If you can't afford the full version of CS, then Photoshop Elements (< $100) is a very good buy. If you can't afford $60 then I don't know of any robust software less than $60. Doesn't mean there isn't any, just that I don't know one.

You can't change synch speed - what you can do on aflash is put it in high speed synch mode. It's a setting on the external flash, not on the camera. This allows you to use any shutter speed, but it also cuts down on the power of the flash quite a bit so you don't get as much range.

As for basketball lenses - my choice is the 85mm 1.8 (around $350). The 50mm 1.8 is the next choice. Nothing else in the running - longer lenses are less practical and should supplement the 85mm or 50mm.



I think I understand what has been causing the problems with my basketball photos, see if you agree with the diagnosis. On a lark, I was at the mall yesterday and decided to go to the camera shop where I know a few photogs that work there. As it turns out, one of the said here is what I need to do.

First, place the camera on Manual mode set the apeture to F 2.8 with the ISO on 1600. Then, put the flash on rear curtain synch so that the flash will fire at the end of the shutter speed. Next, keep the lens on AF (Auto Focus). Next, make sure the foucusing points in camera is placed on the center position. Also, put the camera on AI Servo (the one that tracks the moving subject). Lastly, make sure the shutter speed is set to stop action around 250th of a second.

A question I have is: What shutter speed do I set for my 24-70 f 2.8 lens and for my 70-200 f2.8 lens? Looking forward to hearing your response. I must confess, I learned something yesterday, I honestly thought Manual on the camera meant everything was manual, but it's not. Now, I know!



Best,

Jerry
Quote:
A question I have is: What shutter speed do I set for my 24-70 f 2.8 lens and for my 70-200 f2.8 lens? Looking forward to hearing your response. I must confess, I learned something yesterday, I honestly thought Manual on the camera meant everything was manual, but it's not. Now, I know!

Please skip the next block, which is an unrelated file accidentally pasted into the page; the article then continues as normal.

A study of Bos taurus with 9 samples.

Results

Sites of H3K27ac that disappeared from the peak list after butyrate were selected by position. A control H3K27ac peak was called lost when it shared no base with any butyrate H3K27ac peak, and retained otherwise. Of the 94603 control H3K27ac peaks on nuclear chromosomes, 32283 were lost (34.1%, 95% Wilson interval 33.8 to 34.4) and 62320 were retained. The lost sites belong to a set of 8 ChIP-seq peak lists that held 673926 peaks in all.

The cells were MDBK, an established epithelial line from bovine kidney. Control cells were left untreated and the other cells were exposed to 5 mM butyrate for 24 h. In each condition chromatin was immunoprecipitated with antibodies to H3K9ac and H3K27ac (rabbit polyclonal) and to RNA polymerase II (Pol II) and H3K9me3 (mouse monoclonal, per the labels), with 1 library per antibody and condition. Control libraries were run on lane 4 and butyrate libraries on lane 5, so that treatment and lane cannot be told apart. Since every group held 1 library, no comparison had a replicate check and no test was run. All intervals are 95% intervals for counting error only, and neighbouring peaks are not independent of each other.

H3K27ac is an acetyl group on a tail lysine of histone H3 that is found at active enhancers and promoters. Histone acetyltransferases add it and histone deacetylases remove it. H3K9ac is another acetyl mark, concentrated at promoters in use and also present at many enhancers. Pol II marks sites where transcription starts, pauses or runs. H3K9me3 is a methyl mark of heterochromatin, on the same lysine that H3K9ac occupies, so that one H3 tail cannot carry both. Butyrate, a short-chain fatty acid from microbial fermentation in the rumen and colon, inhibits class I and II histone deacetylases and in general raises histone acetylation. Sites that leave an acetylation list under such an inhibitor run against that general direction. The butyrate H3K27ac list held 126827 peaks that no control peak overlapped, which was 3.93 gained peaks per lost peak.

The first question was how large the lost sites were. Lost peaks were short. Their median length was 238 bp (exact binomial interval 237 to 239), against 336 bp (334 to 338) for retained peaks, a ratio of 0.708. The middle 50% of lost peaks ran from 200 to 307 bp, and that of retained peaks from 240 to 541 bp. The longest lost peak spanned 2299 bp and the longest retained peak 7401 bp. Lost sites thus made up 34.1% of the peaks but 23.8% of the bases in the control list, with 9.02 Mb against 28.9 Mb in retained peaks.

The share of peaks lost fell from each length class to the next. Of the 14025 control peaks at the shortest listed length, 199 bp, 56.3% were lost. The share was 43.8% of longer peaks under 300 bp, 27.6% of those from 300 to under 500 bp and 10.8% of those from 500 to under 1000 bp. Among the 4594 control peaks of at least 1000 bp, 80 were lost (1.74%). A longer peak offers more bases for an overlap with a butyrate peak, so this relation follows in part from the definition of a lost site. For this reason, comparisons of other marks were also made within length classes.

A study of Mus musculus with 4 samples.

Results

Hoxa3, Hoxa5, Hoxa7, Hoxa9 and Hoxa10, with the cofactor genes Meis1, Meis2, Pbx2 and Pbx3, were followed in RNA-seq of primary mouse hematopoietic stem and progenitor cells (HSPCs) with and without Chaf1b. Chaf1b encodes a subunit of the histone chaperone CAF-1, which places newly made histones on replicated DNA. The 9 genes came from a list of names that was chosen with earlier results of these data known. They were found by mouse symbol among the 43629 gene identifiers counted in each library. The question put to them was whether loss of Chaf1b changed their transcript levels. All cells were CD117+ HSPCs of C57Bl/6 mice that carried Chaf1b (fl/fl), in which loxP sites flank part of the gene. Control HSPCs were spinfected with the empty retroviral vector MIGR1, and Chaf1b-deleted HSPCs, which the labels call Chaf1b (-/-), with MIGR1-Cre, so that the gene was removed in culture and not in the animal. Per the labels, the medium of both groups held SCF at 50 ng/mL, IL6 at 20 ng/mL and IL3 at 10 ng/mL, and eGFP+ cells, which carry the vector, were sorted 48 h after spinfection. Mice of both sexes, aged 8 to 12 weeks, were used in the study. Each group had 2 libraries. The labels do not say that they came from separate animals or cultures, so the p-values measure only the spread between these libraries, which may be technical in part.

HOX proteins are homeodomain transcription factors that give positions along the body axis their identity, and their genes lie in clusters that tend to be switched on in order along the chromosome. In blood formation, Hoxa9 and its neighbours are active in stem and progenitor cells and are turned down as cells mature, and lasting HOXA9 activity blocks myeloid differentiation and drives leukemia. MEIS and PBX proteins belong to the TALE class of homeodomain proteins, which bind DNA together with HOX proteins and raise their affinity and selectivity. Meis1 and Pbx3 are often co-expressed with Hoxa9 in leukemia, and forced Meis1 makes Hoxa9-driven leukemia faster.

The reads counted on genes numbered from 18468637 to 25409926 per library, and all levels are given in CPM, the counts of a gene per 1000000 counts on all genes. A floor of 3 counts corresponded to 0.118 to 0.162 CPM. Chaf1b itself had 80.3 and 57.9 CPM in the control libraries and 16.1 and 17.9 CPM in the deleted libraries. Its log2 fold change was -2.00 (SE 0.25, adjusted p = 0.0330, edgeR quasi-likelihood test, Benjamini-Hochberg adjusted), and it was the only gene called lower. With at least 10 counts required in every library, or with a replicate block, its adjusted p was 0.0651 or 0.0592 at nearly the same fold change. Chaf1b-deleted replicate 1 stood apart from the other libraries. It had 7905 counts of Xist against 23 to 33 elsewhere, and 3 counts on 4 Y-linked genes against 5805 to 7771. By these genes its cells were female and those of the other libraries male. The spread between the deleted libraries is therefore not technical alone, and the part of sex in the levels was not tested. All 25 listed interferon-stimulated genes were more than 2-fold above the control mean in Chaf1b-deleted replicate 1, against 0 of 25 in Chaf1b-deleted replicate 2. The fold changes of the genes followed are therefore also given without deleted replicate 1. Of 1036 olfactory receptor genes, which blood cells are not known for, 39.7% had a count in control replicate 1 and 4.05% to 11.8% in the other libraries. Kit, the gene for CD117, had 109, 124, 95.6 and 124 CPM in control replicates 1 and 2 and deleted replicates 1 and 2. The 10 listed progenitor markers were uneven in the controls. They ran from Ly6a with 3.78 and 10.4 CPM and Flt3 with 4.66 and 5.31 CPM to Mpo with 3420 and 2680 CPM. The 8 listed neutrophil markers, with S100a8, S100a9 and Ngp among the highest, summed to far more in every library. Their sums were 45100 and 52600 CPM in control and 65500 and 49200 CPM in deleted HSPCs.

Best,

Jerry
Jerry I must admit this last paragraph confused me. First, the exposure settings are exactly the same for both lenses since they'r both 2.8 lenses. Exposure doesn't change wiith focal length.

And the last statement:

Quote:
I honestly thought Manual on the camera meant everything was manual, but it's not. Now, I know!
The only thing NOT manual is focus. You still must manually select WB mode, manually select ISO, manually set aperture and manually select shutter speed. Was that what you were thinking of when you said "but it's not"? Or was there some other task you now think is happening automatically in manual mode?


Also, as to the rear curtain synch - that may or may not help. What happens when the camera exposure is close to proper exposure without flash use AND your shutter speed is too slow to stop motion (and 1/250 is to slow to stop motion but it's the flash synch speed)is that when you DO use a flash the image will still show 'ghosting' - a bit of motion blur. When the flash is in default (front curtain synch) you'll see the 'ghost' AFTER the subject. All that rear curtain synch will do is move the ghost BEHIND the subject. The ghost isn't eliminated - it just moves behind the subject rather than in front of the subject. To completely get rid of the ghosting you have 2 options - neither of which is a great solution with an on-board flash:

1. Use high-speed synch mode of the flash. This is a FLASH function not a camera function. It allows the flash to work at any shutter speed. But the flash power is greatly reduced in this mode so you won't get as much reach. But if you're shooting within 20 feet you should still be fine.

2. Changing your exposure so without flash use the image will be more underexposed. You can do this by dropping the ISO to 800 or 400. This will stop the ghosting but it also makes your background darker and your subject more stark. So that's the trade-off with this approach.

But, try the original settings suggested and see if you DO get ghosting. If you do, then try each of the above two methods and see which results you like best.